Removal of race correction was tied to a significant reduction in the estimation of lung function for African Americans

By Lori Solomon HealthDay Reporter

WEDNESDAY, Aug. 30, 2023 (HealthDay News) — Removal of race correction from pulmonary function tests (PFTs) may change surgical management of lung cancer in African American patients, according to a study published Aug. 16 in JAMA Surgery.

Sidra N. Bonner, M.D., M.P.H., from the University of Michigan in Ann Arbor, and colleagues aimed to identify how many hospitals providing lung cancer surgery use race correction, examined the association of race correction with predicted lung function, and tested the effect of hypothetical vignettes on surgeons’ treatment recommendations for African American patients. The analysis included data from 515 African American patients who underwent lung cancer resection between Jan. 1, 2015, and Sept. 31, 2022.

The researchers found that 15 of 16 hospitals performing lung cancer resection for African American patients in Michigan reported using race correction, corresponding to 91.8 percent of African American patients having race-corrected PFTs. If race-neutral equations had been used, the percent predicted preoperative forced expiratory volume in 1 second (FEV1) and postoperative FEV1 would have decreased by 9.2 percent (P < 0.001) and 7.6 percent (P < 0.001), respectively. Among 225 cardiothoracic surgeons who completed treatment recommendations based on a randomized vignette, surgeons randomly assigned to the vignette with African American race-corrected PFTs were more likely to recommend lobectomy (79.2 percent) versus surgeons randomly assigned to the other race or multiracial-corrected vignette (61.7 percent; P = 0.02) or race-neutral PFTs (52.8 percent; P = 0.001).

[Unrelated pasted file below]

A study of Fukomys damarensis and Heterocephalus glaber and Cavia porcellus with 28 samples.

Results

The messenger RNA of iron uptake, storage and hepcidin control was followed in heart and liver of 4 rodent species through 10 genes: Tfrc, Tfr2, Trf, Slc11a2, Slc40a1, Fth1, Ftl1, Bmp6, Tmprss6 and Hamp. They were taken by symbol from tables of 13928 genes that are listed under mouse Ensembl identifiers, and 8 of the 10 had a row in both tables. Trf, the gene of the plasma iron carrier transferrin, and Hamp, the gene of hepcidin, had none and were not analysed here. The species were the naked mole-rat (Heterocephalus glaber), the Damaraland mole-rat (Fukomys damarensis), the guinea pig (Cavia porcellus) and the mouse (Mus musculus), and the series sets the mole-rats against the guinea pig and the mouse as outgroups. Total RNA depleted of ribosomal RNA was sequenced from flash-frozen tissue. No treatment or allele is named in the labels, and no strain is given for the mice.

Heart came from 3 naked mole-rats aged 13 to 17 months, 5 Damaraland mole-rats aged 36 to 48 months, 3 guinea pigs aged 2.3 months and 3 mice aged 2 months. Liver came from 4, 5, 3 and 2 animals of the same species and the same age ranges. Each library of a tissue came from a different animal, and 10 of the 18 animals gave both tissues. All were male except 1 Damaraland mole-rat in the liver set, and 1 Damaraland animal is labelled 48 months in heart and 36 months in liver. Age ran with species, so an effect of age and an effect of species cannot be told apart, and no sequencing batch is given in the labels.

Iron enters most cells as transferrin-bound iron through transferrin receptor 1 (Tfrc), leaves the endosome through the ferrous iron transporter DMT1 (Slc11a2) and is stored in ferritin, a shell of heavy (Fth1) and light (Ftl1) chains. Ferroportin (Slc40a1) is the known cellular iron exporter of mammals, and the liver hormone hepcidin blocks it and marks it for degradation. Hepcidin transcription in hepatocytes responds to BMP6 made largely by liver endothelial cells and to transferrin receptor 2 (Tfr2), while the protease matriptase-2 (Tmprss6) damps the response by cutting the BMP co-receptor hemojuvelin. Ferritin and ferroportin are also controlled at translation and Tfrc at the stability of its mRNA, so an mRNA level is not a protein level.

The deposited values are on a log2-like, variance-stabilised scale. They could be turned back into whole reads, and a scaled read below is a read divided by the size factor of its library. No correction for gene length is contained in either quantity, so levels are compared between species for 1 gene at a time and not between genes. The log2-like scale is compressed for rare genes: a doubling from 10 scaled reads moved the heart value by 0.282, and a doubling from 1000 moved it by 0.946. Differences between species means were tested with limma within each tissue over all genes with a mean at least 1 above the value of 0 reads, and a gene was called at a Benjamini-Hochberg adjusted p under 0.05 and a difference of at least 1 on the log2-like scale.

“It is important that race-correction in spirometry tests is removed given that it is based on the flawed concept of race as a biological factor,” Bonner said in a statement. “For African Americans with lung cancer being evaluated for surgery, this may exacerbate existing disparities in lung cancer care.”